Summary: How to overcome our common fears by affirming our faith in Jesus.
Hebrews 1:1-2:18 Overcoming our fears in 2003
3 things modern men and women fear most:
1. fear of dishonour and shame
2. fear of loss and suffering
3. fear of death
This in fact is not dissimilar to what the early Christian faced:
1. they met initially in house churches
2. sensitive to certain amount of hostility from friends and family when they left the synagogue
3. objects of gossip in the open market
4. after AD 64, the fire of Rome, identified as subversive elements in the Roman society
This is how the Roman historian Tacitus described the suffering of the Christians: “Nero fastened the guilt and inflicted the most exquisite tortures on a class hated for their abominations, called Christians by the populace. Christus, from whom the name had its origin, suffered the extreme penalty during the reign of Tiberius at the hands of one of our procurators, Pontius Pilatus, and a most mischievous superstition, thus checked for the moment, again broke out not only in Judaea, the first source of the evil, but even in Rome, where all things hideous and shameful from every part of the world find their centre and become popular. Accordingly, an arrest was first made of all who pleaded guilty; then, upon their information, an immense multitude was convicted, not so much of the crime of firing the city, as of hatred against mankind. Mockery of every sort was added to their deaths. Covered with the skins of beasts, they were torn by dogs and perished, or were nailed to crosses, or were doomed to the flames and burnt, to serve as a nightly illumination, when daylight had expired”.
The early Christians if anything faced a more direct and severe test and threat than what we encounter today. However, the fears that they feared were also similar to us, they worried they may be shamed and dishonoured in the eyes of others, Christians were very much a marginalised group in the 1st Century. They feared by continuing to hold on to their faith, they might suffer loss, it might come in the form of loss of employment, it might be excommunicated from their families or synagogues, it might be even in the form of being imprisoned because of their belief. Finally, they faced the ultimate form of test, some of them were faced with the choice of either renouncing their faith or facing execution, usually in the form of crucifixion.
It is against this backdrop the author of the epistle to the Hebrews wrote to them and to encourage them.
We can learn from the exhortation and encouragement as well.
Fear of shame and dishonour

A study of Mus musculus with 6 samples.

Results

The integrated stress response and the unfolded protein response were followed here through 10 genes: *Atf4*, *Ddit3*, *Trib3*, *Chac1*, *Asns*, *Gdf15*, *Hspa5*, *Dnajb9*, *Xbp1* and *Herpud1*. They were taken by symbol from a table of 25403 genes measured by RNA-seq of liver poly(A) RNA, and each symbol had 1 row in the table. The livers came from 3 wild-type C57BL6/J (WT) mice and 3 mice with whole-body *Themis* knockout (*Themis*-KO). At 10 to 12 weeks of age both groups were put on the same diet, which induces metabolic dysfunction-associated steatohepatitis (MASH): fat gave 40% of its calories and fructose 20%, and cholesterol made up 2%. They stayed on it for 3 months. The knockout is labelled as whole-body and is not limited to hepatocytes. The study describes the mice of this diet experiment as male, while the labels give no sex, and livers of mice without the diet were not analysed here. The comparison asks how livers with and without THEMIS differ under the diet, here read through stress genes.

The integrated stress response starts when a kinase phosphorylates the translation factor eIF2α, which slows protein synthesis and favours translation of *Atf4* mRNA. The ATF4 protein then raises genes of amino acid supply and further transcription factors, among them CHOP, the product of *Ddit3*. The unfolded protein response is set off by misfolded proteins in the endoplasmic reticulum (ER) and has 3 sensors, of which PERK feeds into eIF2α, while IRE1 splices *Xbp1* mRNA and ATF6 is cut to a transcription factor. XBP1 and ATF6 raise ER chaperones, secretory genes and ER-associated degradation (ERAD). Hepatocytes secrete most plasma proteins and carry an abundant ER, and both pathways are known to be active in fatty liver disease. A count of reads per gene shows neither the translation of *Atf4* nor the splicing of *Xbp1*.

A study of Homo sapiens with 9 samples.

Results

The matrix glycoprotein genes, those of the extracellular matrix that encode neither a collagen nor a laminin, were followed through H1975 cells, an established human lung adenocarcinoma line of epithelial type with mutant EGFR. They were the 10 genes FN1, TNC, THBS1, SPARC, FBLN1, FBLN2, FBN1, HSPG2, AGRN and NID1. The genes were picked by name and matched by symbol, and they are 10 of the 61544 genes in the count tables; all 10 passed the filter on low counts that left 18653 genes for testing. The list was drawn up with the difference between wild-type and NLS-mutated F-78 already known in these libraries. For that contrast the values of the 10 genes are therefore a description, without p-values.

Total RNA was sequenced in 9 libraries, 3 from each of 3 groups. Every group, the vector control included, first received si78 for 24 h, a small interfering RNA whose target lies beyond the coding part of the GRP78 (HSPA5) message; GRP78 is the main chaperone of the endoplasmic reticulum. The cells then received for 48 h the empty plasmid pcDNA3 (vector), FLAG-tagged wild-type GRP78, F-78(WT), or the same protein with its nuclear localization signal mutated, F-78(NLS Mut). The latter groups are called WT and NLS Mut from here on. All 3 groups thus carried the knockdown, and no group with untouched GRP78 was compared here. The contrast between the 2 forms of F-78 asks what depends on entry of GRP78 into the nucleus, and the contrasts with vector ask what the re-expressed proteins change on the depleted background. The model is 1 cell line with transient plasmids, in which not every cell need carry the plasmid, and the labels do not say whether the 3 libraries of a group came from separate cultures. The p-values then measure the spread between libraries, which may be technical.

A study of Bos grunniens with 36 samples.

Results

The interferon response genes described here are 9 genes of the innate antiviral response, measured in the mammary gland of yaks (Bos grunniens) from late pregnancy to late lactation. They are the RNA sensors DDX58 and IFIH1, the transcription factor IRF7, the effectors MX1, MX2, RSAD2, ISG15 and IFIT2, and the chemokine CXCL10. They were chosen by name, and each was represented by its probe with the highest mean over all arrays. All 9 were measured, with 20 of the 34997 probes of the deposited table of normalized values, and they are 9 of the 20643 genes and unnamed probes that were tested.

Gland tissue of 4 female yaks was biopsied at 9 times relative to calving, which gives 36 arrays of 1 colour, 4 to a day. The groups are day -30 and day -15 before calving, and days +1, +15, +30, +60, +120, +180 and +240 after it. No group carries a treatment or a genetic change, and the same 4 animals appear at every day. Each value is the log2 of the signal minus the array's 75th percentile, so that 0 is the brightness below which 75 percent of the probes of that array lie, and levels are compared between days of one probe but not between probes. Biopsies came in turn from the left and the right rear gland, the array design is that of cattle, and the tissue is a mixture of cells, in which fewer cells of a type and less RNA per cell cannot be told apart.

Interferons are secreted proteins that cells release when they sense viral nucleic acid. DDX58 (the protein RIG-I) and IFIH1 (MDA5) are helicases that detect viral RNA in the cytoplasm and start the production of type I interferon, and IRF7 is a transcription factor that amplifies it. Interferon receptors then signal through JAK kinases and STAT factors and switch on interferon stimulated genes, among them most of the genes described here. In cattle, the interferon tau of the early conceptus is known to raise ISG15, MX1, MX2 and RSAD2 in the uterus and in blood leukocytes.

Fear of shame and dishonour is often due to association. We may not have sufficient self-esteem if we come from a socially disadvantaged background. We may be worried how others look at us. We may be worried I can’t live up to other’s expectation. Hence that may be why modern men and women always need to prove we are something.
Early Christians were a marginalised group. They also faced similar fear. They worried whether by associating with the Christian congregation, their masters, their patrons, their families or their neighbours might despise them. As a consequence, some of them might have drifted away (Heb 2:1), or they might decide to make their faith invisible so as not to attract any attention.
It was against such a danger that the author wrote to them. As our fear of shame and dishonour can be due to association with someone or something (in the case of the early Christian, it was their association with the Christian faith), the most effective way to combat this fear is also by association with someone or something that we can be proud of.
The author therefore reminded his audience:
1. Being a Christian is nothing to be ashamed of.
2. Because the Lord we serve is none other than God’ son (1:1). He is much more important than the prophets (God’s servants).
3. He is the heir of creation. He is the creator and sustainer of the universe (1:2)
4. He is also an exact image and he reflects the character of God (1:2).
5. He has attained an exalted status in sitting at the right hand of God (1:3). Right hand signifies the highest status – right hand man.
6. He is also much higher and better than God’s messenger – the angels.
The author then associated the Christians with Jesus. They belong to one family (2:11). He is not ashamed to call them brothers (2:11). So while the early Christians might be looked down and despised by others, they had nothing to be feared or ashamed of. Their champion, their patron in God’s household was none other than God’s Son. Others might have rejected them, but God through Jesus already accepted them. They did not need to prove their worth to other people, because they were God’s sons and daughters already, and one day they would be accepted into God’s glory if they persevere with their faith.